Supreme Court Clarifies Employer Knowledge Requirement Regarding Disabled Employees

Your employee, Billy, frequently leaves his work station during business hours to go outside for fresh air.
Billy does this even though he knows that, under company policy, an employee who is absent from his/her desk (other than for work purposes, designated breaks and lunch) may be terminated.
When you confront Billy regarding his absences, he pulls from his pocket a letter from his doctor.
The letter states that Billy has disability X.
The letter states nothing about the disability’s impact on Billy’s work or any accommodations which the employer should make.
Later that day, right before a big deadline, Billy again goes outside, staying there for a very long time.
You don’t know why Billy is leaving his desk, but you do know he is repeatedly violating company policy.
So you fire him.
If it turns out that Billy’s disability caused him to need to go outside for fresh air, can Billy successfully sue you, his employer, for disability discrimination under the Wisconsin Fair Employment Act (WFEA)?
Probably not unless Billy advised you, as his employer, that his disability would require Billy’s repeated outside access.
Under standards recently confirmed by the Wisconsin Supreme Court, Billy must prove that you knew both that Billy was disabled, and that the disability required Billy to go outside. Wisconsin Bell v. Labor and Industry Review Commission (“LIRC”).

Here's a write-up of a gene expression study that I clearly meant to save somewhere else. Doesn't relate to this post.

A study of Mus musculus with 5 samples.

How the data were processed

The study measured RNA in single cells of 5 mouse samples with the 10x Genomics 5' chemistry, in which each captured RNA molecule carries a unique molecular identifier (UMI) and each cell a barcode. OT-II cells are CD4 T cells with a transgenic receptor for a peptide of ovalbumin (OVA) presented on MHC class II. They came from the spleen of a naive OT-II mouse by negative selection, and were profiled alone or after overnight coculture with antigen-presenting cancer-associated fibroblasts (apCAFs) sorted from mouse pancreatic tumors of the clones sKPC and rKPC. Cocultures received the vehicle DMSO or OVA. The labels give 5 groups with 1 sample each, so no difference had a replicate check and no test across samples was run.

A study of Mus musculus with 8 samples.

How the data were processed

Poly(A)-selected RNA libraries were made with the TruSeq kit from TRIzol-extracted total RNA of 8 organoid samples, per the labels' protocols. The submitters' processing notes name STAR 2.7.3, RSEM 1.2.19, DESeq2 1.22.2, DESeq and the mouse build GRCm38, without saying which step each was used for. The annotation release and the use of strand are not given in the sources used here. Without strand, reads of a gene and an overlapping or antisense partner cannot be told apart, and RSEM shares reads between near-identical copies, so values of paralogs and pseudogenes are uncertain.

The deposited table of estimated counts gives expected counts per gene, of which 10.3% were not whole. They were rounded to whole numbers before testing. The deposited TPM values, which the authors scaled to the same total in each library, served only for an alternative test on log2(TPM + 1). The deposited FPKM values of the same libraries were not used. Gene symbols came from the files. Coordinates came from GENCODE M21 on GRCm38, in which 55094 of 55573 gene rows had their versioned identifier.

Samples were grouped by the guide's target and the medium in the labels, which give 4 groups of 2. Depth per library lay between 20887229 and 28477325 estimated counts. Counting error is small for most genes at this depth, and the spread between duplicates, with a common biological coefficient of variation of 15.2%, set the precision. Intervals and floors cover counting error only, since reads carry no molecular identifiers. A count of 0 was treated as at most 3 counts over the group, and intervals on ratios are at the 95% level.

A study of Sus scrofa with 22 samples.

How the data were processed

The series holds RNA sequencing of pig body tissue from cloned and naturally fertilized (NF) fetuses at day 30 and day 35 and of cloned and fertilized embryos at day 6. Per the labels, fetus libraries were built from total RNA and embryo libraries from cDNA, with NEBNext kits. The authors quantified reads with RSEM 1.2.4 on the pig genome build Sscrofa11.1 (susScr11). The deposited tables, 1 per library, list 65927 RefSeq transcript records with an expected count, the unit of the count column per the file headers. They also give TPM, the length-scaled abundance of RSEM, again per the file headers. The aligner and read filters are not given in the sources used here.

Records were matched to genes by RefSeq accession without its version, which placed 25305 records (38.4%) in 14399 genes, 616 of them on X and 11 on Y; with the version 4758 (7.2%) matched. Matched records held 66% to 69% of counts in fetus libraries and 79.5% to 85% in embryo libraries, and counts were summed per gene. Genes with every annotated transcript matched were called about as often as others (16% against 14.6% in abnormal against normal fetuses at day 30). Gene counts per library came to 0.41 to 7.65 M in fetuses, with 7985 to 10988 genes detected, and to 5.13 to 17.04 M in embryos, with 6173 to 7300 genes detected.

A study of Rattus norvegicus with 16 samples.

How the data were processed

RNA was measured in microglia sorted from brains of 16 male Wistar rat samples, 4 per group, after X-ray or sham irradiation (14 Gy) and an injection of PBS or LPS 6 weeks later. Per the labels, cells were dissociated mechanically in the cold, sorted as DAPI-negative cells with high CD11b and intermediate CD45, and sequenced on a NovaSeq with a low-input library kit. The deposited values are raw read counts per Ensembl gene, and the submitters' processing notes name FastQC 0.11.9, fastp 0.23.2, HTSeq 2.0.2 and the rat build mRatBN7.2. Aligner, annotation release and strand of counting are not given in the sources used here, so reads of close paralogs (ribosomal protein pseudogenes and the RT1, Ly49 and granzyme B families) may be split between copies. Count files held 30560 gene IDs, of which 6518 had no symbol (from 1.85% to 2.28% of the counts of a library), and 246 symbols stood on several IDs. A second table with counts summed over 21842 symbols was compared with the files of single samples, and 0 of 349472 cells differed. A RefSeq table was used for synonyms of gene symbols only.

Disability discrimination claimants, such as Billy, often charge the employer with refusing to or improperly accommodating the employee.
Wisconsin Bell recognizes that an employer cannot be expected to accommodate a disabled employee if it doesn’t know what conduct it is supposed to accommodate.
Wisconsin Bell will help many employers, because it puts the burden on the employee to provide evidence that the employer knew the disability caused the employee’s conduct.
Before Wisconsin Bell, LIRC, an administrative body, could infer that the employer knew the disability caused the employee’s conduct, simply because the employer knew the employee was disabled and fired the employee.
For Billy to have complied with the Supreme Court’s standard, Billy should have at least given you, his employer, medical evidence (i.e., a letter from his treating physician) specifically making the connection between Billy’s disability and his conduct.
A doctor’s note which describes a disability, but not the disability’s resulting conduct, is insufficient.
As this article shows, disability and other discrimination issues are often frustratingly complex.
FOS’s attorneys can help guide you through Wisconsin Bell and other issues under the discrimination laws.